It's a shame. In recent times, oil has been rising, but it is generally due to upsetting circumstances. Last time I wrote about oil in an article, there was a massive strike in Kuwait that was hampering supply. Then there was the massive fire in Canada's oil sands. There were warnings that Canada would not be able to adequately meet supply contracts as they rushed to get operations back to running smoothly and efficiently. Reuters wrote:
BP Plc and Phillips 66 alerted customers some grades of Canadian crude would not be available, while Suncor Energy, Canada's largest producer, warned clients that some supplies from the region would be disrupted by the fires.
Just look at how the USO ETF (NYSEARCA:USO) performed during this entire debacle in Canada:
USO data by YCharts
While some investor saw oil rise and was likely jubilant, I don't think that this would have been the case if he saw that over 90,000 Canadians had to evacuate their homes, and the fire spanned nearly 600,000 acres. Villages were lost and homes were destroyed. But the reality is that production was halted, and longs of oil were handsomely rewarded.
Now, why do I bring up this wildfire? Obviously, this event isn't a long-term hindrance of oil supply, and it will not be the reason for oil to remain at $50. But it was what got oil there in the first place, and new factors will keep it there.
Nigeria's Production Halt
Nigeria is in the middle of a war, and has drastically seen poorer and poorer performances from its oil industry as the fight has waged onward. For March, production came in at only 1.8 million barrels per day, a 3% decline from the February output figure. What was the reason for such a drastic and sudden decline? Vandalism on pipelines heavily disrupted production (by up to 380,000 barrels per day according to WSJ). While some were hopeful that things would change in Nigeria, reports today show that Niger's Delta Militants successfully attacked the Obi Obi Brass Trunk, a key part of Nigeria's oil infrastructure. Recent developments in this conflict have led analysts to believe that production has now dipped to a measly 1 million barrels per day. If that is the true case, we will see oil stay put in the coming month, as this is a major decline in supply in the oil market.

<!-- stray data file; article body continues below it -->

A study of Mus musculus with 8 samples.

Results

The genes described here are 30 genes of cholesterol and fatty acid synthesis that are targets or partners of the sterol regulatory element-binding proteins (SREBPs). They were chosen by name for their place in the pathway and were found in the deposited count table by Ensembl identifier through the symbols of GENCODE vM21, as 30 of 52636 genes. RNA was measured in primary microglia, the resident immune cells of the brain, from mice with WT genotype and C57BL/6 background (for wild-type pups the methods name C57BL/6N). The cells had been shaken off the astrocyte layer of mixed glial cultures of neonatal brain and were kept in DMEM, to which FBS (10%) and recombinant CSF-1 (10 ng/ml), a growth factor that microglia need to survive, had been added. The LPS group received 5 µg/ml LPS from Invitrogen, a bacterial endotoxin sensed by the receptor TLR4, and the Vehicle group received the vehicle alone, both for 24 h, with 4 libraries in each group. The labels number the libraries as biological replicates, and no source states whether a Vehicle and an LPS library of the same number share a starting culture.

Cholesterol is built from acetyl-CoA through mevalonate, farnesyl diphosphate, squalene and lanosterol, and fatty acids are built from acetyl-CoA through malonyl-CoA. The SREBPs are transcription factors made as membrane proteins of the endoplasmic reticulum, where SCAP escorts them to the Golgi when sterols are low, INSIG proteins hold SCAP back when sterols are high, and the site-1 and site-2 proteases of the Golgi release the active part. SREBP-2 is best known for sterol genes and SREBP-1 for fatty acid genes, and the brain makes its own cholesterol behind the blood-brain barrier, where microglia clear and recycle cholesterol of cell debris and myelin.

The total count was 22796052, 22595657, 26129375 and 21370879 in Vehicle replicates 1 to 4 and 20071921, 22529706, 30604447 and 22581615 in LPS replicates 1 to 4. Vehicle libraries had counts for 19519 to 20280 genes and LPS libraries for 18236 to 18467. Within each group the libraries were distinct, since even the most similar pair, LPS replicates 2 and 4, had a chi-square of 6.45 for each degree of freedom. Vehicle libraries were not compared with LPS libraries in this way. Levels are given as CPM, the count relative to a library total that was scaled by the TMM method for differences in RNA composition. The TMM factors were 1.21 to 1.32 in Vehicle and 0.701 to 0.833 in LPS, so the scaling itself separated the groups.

A poor US job performance report has seriously hampered the chance for the Fed to justify raising rates when they meet next. The report showed the creation of a meager 38,000 jobs, the worst result since September 2010. Gold (NYSEARCA:GLD) skyrocketed after the report, and will likely continue to do so in the month of June considering a further weakening of the US dollar. Why do I think the US dollar will continue to fall in the short term (to clarify, the VERY-short term)? The Brexit referendum is very close, and while I fully believe that England will remain in the European Union, the concern of a Brexit has gotten people worried. A member of the Fed's Board of Governors, Lael Brainard, said that a Brexit could create a "Significant adverse reaction" to the United States economy. This would mean that a rate hike would be further the delayed, the dollar further weakened, and gold would be set to skyrocket (as it often does in times of economic uncertainty). Over the next month, as concerns weigh on investors, the greenback will pull off of its gains, and oil will return to the realm of $50.
As always, there are plenty of factors affecting the price of oil. Nigeria's war, Canada's wildfire, and the greenback uncertainty are all indications that an investment in USO would be a strong one at the moment. Happy investing!
Disclosure: I/we have no positions in any stocks mentioned, and no plans to initiate any positions within the next 72 hours.
I wrote this article myself, and it expresses my own opinions. I am not receiving compensation for it (other than from Seeking Alpha). I have no business relationship with any company whose stock is mentioned in this article.